The Language of Our Country
by Peter Theis
If you had to choose just one of the following exclamations to hear all day long, which would you prefer, and what do you think the impact would be?
"You are such a jerk!"
"You are absolutely wonderful!"
Lera Boroditsky, Assistant Professor in the Department of Psychology at Stanford University, named one of the 25 Visionaries Changing the World by Utne Reader, says: "I set out to show that language didn't affect perception, but I found exactly the opposite. It turns out that languages meddle in very low-level aspects of perception, and without our knowledge or consent shape the very nuts and bolts of how we see the world."
Science is confirming what we all know on a gut level is just common sense: Words have a profound impact on how we think, how we perceive the world, and as a result how we behave and act.
Recently, while paying for some items at a local grocery store, the young lady working there told me, "Wow, this is the healthiest stuff I've rung up in a long time!" I smiled and responded, "Wow, what a concept! Eating healthy stuff!" But then I thought: Isn't that kind of like her saying, "Wow, you're the first person in a long time I've met who doesn't hit himself in the head with a hammer!"?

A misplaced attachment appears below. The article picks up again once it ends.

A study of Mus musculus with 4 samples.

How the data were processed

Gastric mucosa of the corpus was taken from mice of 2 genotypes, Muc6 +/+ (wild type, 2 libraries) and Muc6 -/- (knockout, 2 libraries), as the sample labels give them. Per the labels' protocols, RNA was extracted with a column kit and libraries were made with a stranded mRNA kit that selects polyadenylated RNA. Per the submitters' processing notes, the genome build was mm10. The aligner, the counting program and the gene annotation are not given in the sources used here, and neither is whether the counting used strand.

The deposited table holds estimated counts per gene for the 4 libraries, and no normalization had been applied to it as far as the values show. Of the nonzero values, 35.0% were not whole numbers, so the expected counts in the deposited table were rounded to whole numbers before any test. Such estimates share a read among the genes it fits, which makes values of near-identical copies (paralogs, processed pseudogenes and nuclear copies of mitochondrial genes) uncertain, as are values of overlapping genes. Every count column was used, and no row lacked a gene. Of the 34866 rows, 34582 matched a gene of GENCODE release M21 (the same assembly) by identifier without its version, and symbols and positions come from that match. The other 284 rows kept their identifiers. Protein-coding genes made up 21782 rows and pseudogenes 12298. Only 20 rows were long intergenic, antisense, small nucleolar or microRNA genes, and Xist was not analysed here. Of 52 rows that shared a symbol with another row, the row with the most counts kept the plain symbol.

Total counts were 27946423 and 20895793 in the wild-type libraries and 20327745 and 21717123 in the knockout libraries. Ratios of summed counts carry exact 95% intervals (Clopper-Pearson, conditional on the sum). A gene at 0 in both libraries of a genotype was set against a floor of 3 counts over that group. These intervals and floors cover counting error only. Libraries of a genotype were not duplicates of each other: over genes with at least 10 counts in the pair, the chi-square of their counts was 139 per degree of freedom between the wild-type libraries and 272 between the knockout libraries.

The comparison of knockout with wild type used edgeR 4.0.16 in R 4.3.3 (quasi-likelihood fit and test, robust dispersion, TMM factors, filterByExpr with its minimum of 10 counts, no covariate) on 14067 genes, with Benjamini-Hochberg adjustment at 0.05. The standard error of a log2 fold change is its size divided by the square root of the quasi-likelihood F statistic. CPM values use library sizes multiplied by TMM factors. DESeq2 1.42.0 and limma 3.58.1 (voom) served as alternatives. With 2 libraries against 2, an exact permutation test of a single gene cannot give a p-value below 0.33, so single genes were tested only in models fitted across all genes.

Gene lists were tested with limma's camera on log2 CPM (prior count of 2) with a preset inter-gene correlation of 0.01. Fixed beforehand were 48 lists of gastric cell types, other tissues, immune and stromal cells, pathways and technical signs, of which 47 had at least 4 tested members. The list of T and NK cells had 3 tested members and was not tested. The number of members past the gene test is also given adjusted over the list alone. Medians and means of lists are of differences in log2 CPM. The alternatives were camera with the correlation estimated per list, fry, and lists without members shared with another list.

So what is the dietary language of our country? What words do we use most of the time, and what might be some healthier choices? Here are some dynamics to consider:
Work <--> Play
Competition <--> Cooperation
Our Leaders <--> We the People
Economy <--> Ecology
Grades <--> Growth
Symptoms <--> Sources
Separation <--> Connection
Author and social critic Derrick Jensen often asks, "How do we make the US economy grow?" And when those he asks usually go about immediately answering, he points out how most people don't stop to look at the language and the base assumptions built into that question: Do we even want the US economy to "grow"? If so, in what ways? And who, exactly, is the "we" we're talking about here?
If you haven't already done this, the next time politicians speak of "democracy" and "freedom" and "security" and "justice," try looking at it as if they are not speaking about us, or even about our country, but about the elite class they serve. Are we really bringing "freedom" to the countries we invade, or is it actually the "freedom" corporate and banking interests have to profit from war and the monopolization of markets and resources? Is it really "justice" and "democracy" for all of us, or mostly just for the 1%?
George Orwell called it "double-think." Edward Bernays, the founding father of Public Relations, called it "propaganda."
In the spirit of Obi-Wan Kenobi looking for the best language to shape our world: metaphors be with you. Or rather, with all of us.
Peter Theis holds a PhD in Creative Writing & Literature from the Center for Writers at the University of Mississippi and teaches Humanities, English and Writing courses in North Carolina.